Wildlife experts in Bangladesh say they have moved nearly 500 rare turtles from a pond adjoining a shrine in the south-eastern city of Chittagong.
The turtles may have been poisoned by pesticides
Officials were forced to evacuate the black soft-shelled turtles after their water was poisoned.
Thousands of fish have already been killed in the poisoning.
The turtles are believed to be extinct in most places except Bangladesh, and are especially revered by the country's Hindu minority.
The BBC's Waliur Rahman in Dhaka says that the poisoning is the second incident in six months.
Last year, hundreds of catfish were poisoned in a pond outside a shrine in the northern city of Sylhet.
Our correspondent says that the arduous job of shifting hundreds of black soft-shelled turtles began on Wednesday morning, when custodians of the 1200-year old-shrine found that the pond was poisoned.
All the fish in the pond died, and soon the rare turtles also started to look ill.
A wildlife expert in Chittagong, Tapan Kumar Dey, said that all were then netted from the pond and transferred to another body of water.
He said initial investigations showed that pesticides were poured in the pond.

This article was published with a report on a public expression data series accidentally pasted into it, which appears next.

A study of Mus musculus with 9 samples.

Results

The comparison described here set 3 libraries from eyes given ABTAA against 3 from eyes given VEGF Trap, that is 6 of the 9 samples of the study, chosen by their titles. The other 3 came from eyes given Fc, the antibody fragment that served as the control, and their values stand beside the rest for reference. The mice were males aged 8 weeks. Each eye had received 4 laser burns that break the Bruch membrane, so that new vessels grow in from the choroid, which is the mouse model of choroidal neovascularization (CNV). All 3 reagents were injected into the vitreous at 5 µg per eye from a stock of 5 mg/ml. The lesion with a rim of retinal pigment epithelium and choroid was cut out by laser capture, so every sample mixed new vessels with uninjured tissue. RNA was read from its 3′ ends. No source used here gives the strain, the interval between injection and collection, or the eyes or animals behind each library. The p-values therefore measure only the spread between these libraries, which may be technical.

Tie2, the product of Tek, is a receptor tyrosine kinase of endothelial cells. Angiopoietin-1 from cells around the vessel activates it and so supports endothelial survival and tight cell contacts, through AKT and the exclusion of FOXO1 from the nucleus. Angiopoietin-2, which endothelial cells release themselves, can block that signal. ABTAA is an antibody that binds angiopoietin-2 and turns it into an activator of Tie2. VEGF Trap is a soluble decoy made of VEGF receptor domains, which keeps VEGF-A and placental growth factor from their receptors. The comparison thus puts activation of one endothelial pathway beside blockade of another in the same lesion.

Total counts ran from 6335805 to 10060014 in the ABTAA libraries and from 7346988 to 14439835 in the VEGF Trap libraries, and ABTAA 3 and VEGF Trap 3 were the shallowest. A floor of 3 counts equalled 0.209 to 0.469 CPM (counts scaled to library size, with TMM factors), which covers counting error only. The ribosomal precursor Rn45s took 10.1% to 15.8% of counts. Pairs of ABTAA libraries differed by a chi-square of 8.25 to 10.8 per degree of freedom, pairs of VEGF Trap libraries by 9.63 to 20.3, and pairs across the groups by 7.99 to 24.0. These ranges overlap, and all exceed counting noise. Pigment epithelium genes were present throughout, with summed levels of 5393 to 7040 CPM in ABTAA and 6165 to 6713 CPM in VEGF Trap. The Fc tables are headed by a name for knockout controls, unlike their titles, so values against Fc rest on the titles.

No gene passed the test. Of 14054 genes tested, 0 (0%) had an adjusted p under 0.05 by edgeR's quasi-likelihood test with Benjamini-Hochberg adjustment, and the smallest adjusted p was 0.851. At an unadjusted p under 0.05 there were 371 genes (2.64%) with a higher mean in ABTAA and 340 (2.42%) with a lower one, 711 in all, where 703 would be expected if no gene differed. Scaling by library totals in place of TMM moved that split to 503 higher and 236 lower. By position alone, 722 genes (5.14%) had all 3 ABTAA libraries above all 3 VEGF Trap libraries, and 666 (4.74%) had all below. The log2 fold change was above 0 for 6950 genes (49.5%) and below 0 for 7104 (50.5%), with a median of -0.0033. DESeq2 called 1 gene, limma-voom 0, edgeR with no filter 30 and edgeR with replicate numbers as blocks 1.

The turtles are one of the main attractions of the shrine, which is visited each year by thousands of people of all faiths.
Conservationists say that black soft-shelled turtles are only found in Bangladesh and parts of the Indian state of Assam. Otherwise they are extinct in the world.
Legend says the animals represent the souls of long-ago sinners, transformed into reptiles.
No one has claimed responsibility for the poisoning, which some believe was a deliberate attempt to kill the turtles.
The custodian of the shrine, Habibur Rahman, said it could have been carried out by hard-line Islamists opposed to their religion being associated with the creatures.
An investigation into the incident has been ordered by the authorities.